Help to Buy covers a number of UK Government programmes aimed at helping first time buyers, or those who’ve owned a home before but do not currently, to get on the property ladder.

Pros

  • Pay a smaller deposit
  • In the first five years there’s less to pay per month
  • Can get a newly built home
  • Invest in your own asset rather than renting
  • The loan is interest free for the first five years

Cons

  • May only be allowed to purchase a new build
  • Must not also own another home
  • Only particular lenders can be used
  • Subletting your property is not permitted
  • More likely to face negative equity if property prices fall


Under the Help to Buy Equity Loan scheme, the Government lends buyers up to 20 per cent of the cost of a home, or 40 per cent in London.

The property must be a new build and you pay a deposit of five per cent or more, with a mortgage to make up the rest to a minimum of 25 per cent.

For the first five years of home ownership, you won’t be liable for interest on the 20 per cent loan.

A new Help to Buy Equity Loan scheme, beginning on 1 April 2021 and running until March 2023, will open for applications on 16 December 2020. It is restricted to first time buyers and includes regional price caps.

Help to Buy Shared Ownership

With shared ownership you can buy a share of a home between 25 and 75 per cent of its value if you can’t afford a mortgage on the whole property.

Rent is paid on the remaining share, your slice of which can be increased when you can afford it.

The property does not have to be newly built – you can buy resales through housing associations.

Help to Buy Government ISA

The Help to Buy ISA is a savings account for first time buyers which the Government will top up by 25 per cent of what you save up to a maximum bonus of £3,000.

The minimum bonus is £400 so you must save at least £1,600 to receive a top up.

The accounts closed to new customers on 30 November 2019 but existing ones can continue saving until November 2029.

The Lifetime ISA is an alternative option for first time buyers.

Frequently Asked Questions

What is the Help to Buy scheme?

The Help to Buy Equity Loan, Shared ownership and Government ISA programmes aim to bring home ownership within reach of those who might not otherwise be able to afford it.

The deadline for completion on the purchase of a home under the existing Equity Loan scheme was the end of March 2021 but for those who reserved before 30 June 2020, that has been extended to 31 May in cases where coronavirus has made completion impossible.

How do Help to Buy Equity Loans work?

Introduced in 2013, the Help to Buy scheme is designed to assist eligible buyers in purchasing new-build homes to live in. The Government lends you up to 20 per cent of the cost of a new build home, or 40 per cent if you’re in London.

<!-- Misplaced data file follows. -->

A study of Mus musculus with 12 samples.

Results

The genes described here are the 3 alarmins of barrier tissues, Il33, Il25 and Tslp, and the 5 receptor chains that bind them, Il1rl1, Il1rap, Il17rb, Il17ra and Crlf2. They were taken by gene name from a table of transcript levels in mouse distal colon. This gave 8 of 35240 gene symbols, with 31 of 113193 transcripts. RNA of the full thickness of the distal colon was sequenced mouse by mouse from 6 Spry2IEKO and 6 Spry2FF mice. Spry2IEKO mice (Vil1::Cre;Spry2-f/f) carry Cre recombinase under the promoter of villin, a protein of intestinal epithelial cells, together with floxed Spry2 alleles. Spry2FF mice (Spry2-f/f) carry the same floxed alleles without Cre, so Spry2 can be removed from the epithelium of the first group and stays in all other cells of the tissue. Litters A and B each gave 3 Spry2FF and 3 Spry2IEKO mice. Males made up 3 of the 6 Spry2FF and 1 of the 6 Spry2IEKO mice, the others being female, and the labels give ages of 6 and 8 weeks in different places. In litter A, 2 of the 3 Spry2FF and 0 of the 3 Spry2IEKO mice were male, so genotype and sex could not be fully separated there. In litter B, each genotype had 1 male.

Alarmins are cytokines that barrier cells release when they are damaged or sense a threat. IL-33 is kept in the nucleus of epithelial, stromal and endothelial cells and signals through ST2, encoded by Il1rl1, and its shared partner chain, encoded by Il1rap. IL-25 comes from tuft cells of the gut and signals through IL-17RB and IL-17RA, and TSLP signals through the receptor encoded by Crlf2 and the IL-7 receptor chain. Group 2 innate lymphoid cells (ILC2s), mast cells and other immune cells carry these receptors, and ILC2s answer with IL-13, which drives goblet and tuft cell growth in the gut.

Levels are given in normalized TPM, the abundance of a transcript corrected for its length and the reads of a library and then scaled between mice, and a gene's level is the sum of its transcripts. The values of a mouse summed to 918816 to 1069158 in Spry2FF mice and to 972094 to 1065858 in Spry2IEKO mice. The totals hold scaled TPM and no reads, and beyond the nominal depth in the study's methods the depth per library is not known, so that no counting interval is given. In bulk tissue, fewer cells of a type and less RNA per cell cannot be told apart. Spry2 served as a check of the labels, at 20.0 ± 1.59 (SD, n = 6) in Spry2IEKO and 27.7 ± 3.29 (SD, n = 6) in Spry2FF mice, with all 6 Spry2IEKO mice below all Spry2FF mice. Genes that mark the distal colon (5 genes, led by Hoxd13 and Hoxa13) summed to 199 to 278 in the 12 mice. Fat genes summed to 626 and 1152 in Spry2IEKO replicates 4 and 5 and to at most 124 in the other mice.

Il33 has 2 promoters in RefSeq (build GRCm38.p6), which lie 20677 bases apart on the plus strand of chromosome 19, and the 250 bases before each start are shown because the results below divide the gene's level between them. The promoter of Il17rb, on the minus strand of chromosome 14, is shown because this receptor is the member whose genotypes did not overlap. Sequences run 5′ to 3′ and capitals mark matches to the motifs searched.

Deposits are a minimum of five per cent and for the first five years of owning the property, you won’t have to pay interest on the 20 per cent loan.

What properties can I buy with Help to Buy?

A Help to Buy Equity Loan restricts you to purchasing only new build properties up to a value of £600,000 in England and £200,000 and £300,000 in Scotland and Wales respectively.

Those using the Shared ownership and Government ISA schemes can buy resale properties too.

Who is eligible for a Help to Buy ISA?

Only first time buyers purchasing what will be their only home, and where they intend on living, are eligible. The purchase price must also be met with a mortgage and not exceed £250,000, or £400,000 in London. 

Individual first time buyers are each eligible for their own ISA, so two people buying together can both receive a bonus to put toward the same property.  

The scheme closed to new customers on 30 November 2019.

Can Help to Buy ISAs be used on a Help to Buy Equity Loan?

Yes they can – funds from a Help to Buy ISA can be used as a deposit for a purchase with the Help to Buy Equity Loan scheme.

Who is Help to Buy shared ownership for?

The Help to Buy shared ownership scheme is for those who cannot afford to purchase 100 per cent of a home but are able to buy a portion of it. It is available to households with a combined income of less than £80,000 (or £90,000 in London) who are buying for the first time, as well as past homeowners who do not currently own a property and those currently in shared ownership.

Are all properties eligible for Help to Buy shared ownership?

Both new build and resale homes can be bought through Help to Buy shared ownership, but shared ownership properties must be leasehold and not freehold.

What is the Lifetime ISA?

As the Help to Buy ISA is currently not available to new applicants, there is one other scheme offering a tax-free bonus to first time buyers – the Lifetime ISA. You can contribute up to £4,000 a year into a Lifetime ISA and the Government will add a 25 per cent bonus to the contributions you make each month, up to a maximum of £1,000 a year. This type of ISA is available to anyone aged between 18 and 40 who wants to buy their first home, save for retirement or both.